Egypt US Embassy Attack: Why We Should Care And Why We Shouldn’t Apologize [Op-Ed]
COMMENTARY | An attack on the US Embassy in Egypt by ultraconservative Islamist protestors today didn’t exactly shock the world, but it should. It inspired an axiomatic apology, but from the wrong people. It drew a political line in the sand, but between two groups that shouldn’t be enemies.
Angry protesters scaled the walls of the US Embassy in Cairo today, pulling down the American flag and tearing it to pieces. In its place, they raised a black flag bearing a Muslim declaration of faith: “There is no god but God and Muhammad is his prophet,” it reads. The flag, as the Associated Press noted, is similar to the banner used by terrorist group Al Qaeda. Protestors chanted “Islamic, Islamic. The right of our prophet will not die,” and “Worshipers of the Cross, leave the Prophet Muhammad alone.”
Let’s attempt to understand the motives of the protestors.
The showing was reportedly a response to a film that portrays the prophet Muhammad, the key figure in Islam, as a fraud. The film shows the prophet engaging in sexual intercourse and encouraging massacres. This film is being circulated on the internet by a handful of people, most notably, Morris Sadek, an Egyptian-born Christian in the US, through his website, but it is currently unknown who originally made the film. The attack on the US embassy was terrifying, but the response to the attack, thus far, has been far more disturbing.
The US Embassy in Cairo released a statement following the demonstration, in which they condemned “the continuing efforts by misguided individuals to hurt the religious feelings of Muslims,” and condemned “efforts to offend believers of all religions.”
“Respect for religious beliefs is a cornerstone of American democracy,” the statement said. “We firmly reject the actions by those who abuse the universal right of free speech to hurt the religious beliefs of others.”
Fair enough. Sort of.
The statement is problematic because it looks to be an apology. Furthermore, it feigns responsibility for the actions of a small sect (smaller so far than even we seem comfortable admitting) of one anti-Islamic group. Yes, the film in question is offensive to Muslims, and we make no excuses for it. But that’s the point. We don’t have to. It wasn’t made by us.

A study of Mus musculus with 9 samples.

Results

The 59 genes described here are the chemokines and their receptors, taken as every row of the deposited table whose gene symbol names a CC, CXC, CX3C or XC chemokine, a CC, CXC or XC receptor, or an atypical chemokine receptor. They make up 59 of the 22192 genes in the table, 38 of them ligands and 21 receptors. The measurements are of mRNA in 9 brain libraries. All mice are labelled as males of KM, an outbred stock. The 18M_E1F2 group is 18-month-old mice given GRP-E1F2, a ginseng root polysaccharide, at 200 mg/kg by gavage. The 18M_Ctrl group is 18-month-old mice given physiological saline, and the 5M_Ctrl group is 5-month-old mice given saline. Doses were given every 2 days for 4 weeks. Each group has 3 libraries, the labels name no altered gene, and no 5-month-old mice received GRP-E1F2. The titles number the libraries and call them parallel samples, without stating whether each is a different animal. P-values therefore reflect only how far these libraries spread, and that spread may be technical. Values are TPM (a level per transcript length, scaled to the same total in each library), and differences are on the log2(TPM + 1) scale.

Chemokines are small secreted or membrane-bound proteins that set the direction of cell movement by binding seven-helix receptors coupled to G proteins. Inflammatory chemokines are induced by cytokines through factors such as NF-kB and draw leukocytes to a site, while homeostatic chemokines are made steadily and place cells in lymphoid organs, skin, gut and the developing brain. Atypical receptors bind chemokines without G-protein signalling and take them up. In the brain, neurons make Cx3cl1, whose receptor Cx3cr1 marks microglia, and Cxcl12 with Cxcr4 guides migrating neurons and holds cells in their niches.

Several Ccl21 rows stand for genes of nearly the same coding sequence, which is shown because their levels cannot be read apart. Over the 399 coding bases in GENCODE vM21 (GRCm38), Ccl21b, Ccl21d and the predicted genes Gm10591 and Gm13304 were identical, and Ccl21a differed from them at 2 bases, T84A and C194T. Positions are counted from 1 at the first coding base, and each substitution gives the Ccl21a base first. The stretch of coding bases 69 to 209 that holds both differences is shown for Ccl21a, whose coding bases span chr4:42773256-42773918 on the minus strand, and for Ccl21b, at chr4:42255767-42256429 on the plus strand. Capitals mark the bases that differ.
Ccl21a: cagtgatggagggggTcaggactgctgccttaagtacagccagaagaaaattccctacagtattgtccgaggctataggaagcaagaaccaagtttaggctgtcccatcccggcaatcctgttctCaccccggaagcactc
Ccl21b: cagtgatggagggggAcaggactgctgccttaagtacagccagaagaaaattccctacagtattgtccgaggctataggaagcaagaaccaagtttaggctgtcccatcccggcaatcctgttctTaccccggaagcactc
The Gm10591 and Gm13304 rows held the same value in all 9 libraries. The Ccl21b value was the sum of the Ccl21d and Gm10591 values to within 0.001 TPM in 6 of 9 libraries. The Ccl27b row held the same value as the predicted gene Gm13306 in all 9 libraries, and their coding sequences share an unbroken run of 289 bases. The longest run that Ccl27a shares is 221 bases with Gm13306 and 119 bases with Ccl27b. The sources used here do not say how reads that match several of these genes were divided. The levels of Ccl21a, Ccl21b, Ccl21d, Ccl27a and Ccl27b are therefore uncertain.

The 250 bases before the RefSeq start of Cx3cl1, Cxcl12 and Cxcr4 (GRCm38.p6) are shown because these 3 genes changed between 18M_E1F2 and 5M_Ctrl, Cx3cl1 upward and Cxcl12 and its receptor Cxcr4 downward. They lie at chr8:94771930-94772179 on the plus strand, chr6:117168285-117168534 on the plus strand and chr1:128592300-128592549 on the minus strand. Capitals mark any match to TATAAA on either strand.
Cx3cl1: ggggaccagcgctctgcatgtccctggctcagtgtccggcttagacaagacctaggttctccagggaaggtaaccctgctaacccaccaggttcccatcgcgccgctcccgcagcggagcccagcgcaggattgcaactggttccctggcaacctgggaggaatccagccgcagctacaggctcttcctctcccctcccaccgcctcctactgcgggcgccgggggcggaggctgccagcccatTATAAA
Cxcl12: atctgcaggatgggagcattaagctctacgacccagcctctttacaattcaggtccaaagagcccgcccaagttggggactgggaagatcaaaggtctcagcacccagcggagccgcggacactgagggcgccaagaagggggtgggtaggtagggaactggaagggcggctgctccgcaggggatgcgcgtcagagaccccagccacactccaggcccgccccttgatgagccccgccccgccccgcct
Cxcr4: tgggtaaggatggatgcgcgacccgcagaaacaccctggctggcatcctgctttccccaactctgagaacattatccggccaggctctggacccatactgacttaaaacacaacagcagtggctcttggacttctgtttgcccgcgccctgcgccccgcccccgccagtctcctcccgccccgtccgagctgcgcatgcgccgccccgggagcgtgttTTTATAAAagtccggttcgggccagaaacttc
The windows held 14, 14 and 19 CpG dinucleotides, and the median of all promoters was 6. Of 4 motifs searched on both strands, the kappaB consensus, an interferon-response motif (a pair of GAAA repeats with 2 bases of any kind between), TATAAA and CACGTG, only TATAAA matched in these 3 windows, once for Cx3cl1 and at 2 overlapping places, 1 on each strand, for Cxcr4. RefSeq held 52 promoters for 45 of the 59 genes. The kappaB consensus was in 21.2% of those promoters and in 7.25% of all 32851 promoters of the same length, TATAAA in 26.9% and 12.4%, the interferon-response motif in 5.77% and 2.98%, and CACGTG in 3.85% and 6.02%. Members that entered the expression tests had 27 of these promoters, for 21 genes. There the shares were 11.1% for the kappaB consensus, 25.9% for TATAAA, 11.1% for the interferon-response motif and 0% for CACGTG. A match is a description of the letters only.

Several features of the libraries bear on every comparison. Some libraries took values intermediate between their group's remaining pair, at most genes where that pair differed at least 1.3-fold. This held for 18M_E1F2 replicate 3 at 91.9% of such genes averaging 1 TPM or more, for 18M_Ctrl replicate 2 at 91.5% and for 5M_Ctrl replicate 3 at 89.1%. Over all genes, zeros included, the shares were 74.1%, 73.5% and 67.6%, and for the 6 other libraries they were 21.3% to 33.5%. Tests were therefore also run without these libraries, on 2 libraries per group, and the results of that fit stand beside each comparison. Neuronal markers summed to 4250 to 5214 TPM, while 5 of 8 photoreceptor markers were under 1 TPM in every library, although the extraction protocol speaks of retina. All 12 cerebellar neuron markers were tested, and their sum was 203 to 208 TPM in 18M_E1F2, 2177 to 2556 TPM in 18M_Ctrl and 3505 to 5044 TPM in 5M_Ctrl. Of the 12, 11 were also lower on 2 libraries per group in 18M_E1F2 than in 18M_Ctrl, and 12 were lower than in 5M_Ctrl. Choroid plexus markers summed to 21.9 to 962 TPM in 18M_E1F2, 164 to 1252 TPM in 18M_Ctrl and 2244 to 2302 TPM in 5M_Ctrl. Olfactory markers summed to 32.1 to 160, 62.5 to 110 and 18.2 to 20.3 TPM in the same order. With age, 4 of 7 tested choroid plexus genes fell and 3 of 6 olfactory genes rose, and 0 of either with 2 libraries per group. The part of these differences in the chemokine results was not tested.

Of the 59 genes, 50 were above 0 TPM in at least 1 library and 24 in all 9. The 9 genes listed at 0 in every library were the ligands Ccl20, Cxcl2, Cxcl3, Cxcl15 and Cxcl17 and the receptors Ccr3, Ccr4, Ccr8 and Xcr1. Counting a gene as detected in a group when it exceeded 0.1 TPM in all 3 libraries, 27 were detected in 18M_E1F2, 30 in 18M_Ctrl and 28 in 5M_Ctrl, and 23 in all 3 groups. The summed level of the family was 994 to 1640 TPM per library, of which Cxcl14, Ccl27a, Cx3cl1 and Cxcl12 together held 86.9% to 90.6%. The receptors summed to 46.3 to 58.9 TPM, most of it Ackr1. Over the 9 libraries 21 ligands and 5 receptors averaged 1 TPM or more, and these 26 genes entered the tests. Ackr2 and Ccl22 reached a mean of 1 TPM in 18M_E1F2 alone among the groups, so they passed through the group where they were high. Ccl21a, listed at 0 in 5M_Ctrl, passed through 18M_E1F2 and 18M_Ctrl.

The US has shown strong support for Egypt over the past several years. We ideologically supported the Egyptian Revolution, the Arab Spring elections, and even offered our own endorsement of President Morsi, the newly elected head of what is supposed to be a newly reformed Egypt.
We apologize for an unabashed attack on our embassy? When our nation has done nothing to provoke a response like that? The eye-for-an-eye response isn’t evenly balanced. Not by a long sight.
But this isn’t an indictment of the protestors that dragged our flag into the mud and ripped it to shreds today. They have a right to be offended. But they’re misguided, and they took out their aggression on the wrong target. The US Embassy can objectively denounce the anti-Islamic film being passed around on the internet. But they have to condemn such a violent attack as well. An attack that could be considered an act of war, which brings me to my next point.
Where is the Egyptian government? Where are the moderate Muslims?
The onus doesn’t fall to the protestors to apologize or explain their actions, and it doesn’t fall to the US Embassy or the US government to apologize for our presence in the highly volatile middle east. It falls to the Egyptian government to condemn the actions of the protestors and apologize for such a hateful act by their own people on an institution that has no horse in the race regarding that anti-Islamic film.
They should apologize to us.
Mohammed al-Zawahiri, the brother of Al Qaeda’s leader Ayman al-Zawahiri, said of the incident that “we called for the peaceful protest joined by different Islamic factions including the Islamic Jihad, Hazem Abu Ismael movement.”
“We were surprised to see the big numbers show up including the soccer Ultra fans,” he said. “I just want to say, how would the Americans feel if films insulting leading Christian figures like the pope or historical figures like Abraham Lincoln were produced?” continuing, “the film portrays the prophet in a very ugly manner, eluding to topics like sex, which is not acceptable.”
What do you call invading the US Embassy and tearing down the American flag? Furthermore, what would you say about Christians, Jews, Sikhs, etc. if the mockery of their deities and religious figures resulted in such an embarrassing and violent display? Should we have heeded the advice of some that called for the US to completely distance itself from Egyptian support of any kind?
We should care. We shouldn’t apologize. We can condemn that anti-Islamist film, but we can’t ignore that old maxim “two wrongs don’t make a right,” and until some proof magically emerges that the US government was behind that film, we as a nation are not responsible for it. The attack on the US Embassy in Cairo was completely unprovoked by our nation, a nation that has supported Egypt in its tumultuous transition. This attack was a slap in the face, and we shouldn’t be afraid to say so.